South Dakota legislator wants more information on refugee costs, opposed by Lutherans and Muslim activist

If you are a new reader, you might want to catch up by having a look at my South Dakota archive especially as it relates to meatpackers and manufacturers (and mayors!) there pushing for ever-greater numbers of refugee workers. South Dakota was on my 2016 road trip to see some of those situations first hand.

And, see my previous post this morning to see who and what this South Dakota Senator is really up against—big powerful moneyed interests on the national level.

Here is the Argus Leader:

PIERRE — A state senator on Monday said he would convene a legislative panel to evaluate South Dakota’s immigration and refugee resettlement programs with an eye toward the cost to taxpayers.


Sen. Neal Tapio, a Watertown Republican and likely U.S. House candidate, said he was worried about the added expense immigrants and refugees placed on the state and local governments.

“Each level of government has expended costs but we don’t know what the costs are,” Tapio said. “We have to understand the impact these groups are putting on limited financial resources of our state.”

Refugee resettlement advocates said they hoped Tapio’s panel would highlight the positive aspects of bringing refugee and immigrant groups to the state including cultural diversity and long-term boosts to workforce and earnings.

[Republican] Gov. Dennis Daugaard said the efforts to probe the state’s immigrant and refugee placement procedures weren’t needed.


While the workgroup has not yet met formally, Tapio said members would weigh bringing legislation rescinding the state’s agreement to allow Lutheran Social Services to resettle refugees in South Dakota or requiring additional state oversight over LSS.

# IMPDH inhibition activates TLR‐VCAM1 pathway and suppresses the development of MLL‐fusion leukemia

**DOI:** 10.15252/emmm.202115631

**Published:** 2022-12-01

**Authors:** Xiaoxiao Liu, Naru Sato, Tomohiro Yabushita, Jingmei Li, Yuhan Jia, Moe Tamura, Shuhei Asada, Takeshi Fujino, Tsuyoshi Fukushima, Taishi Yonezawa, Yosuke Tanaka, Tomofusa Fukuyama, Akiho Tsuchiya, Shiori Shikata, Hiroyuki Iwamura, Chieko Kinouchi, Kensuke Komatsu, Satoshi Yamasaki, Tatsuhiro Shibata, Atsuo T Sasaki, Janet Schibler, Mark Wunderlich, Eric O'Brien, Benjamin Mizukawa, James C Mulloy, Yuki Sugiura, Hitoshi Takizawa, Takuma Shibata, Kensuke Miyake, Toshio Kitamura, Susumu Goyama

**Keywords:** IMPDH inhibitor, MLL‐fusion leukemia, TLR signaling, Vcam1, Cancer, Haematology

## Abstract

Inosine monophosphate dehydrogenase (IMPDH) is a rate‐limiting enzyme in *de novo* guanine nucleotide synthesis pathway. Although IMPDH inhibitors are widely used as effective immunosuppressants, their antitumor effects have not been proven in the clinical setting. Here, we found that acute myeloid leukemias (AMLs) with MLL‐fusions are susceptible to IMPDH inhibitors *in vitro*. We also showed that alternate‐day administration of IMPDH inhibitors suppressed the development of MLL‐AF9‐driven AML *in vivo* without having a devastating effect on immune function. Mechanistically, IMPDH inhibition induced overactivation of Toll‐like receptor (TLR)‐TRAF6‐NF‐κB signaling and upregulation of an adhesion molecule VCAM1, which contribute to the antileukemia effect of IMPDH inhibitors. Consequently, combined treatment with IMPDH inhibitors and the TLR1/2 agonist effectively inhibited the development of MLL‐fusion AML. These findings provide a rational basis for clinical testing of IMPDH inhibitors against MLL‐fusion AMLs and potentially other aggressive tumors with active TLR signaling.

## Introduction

Lutherans find laborers for big business. Taxpayers fund Lutherans for that service. In fact, LSS’s mothership, Lutheran Immigration and Refugee Service headquartered in Baltimore signed two contracts with two BIG MEAT companies in 2017.  See here and here.

I had to laugh about this LSS CEO bragging about transparency with refugee resettlement. What a joke!

Betty Oldenkamp, president and CEO of Lutheran Social Services, defended LSS’ effort to keep lawmakers informed about refugee resettlement in the state.


“It’s our commitment to be very open and transparent with our information with our work with refugee resettlement in South Dakota,” Oldenkamp said, “and I think we have a good history of providing that to elected officials.”

Not a surprise that immigration lawyer Islam opposes any study of economic impact of migrant labor:

Taneeza Islam, executive director of South Dakota Voices for Peace, questioned the need for such a workgroup and said Tapio’s calls for an investigation put “immigrants, refugees and Muslims in real danger.”

More here.

5 thoughts on “South Dakota legislator wants more information on refugee costs, opposed by Lutherans and Muslim activist

  1. When did they prove that diversity is a good thing? If you follow the history of this country, the opposite is true. The more “diverse” we become, the more weak, corrupt and unstable it gets. You cannot have a first world county by filling it up with third world people.


  2. Taneeza Islam is the same lawyer associated the same group, South Dakota Voices For Peace,
    that got two separate speaking events (one about free speech & the other about the facts about Islam –
    the religion, not her) shut down in Sioux Falls, SD just three months ago.

    So the taxpayers of SD must shut up & not question anything re refugee resettlement nor about Islam which
    many of the recent refugees practice.


    1. That is what they are trying to make you think…you cannot talk about these things and their actions are forcing SUBMISSION on communities with their bullying tactics.


  3. That information should be made public. It’s the right of every taxpayer to know WHERE their money is going; just like the annual town reports.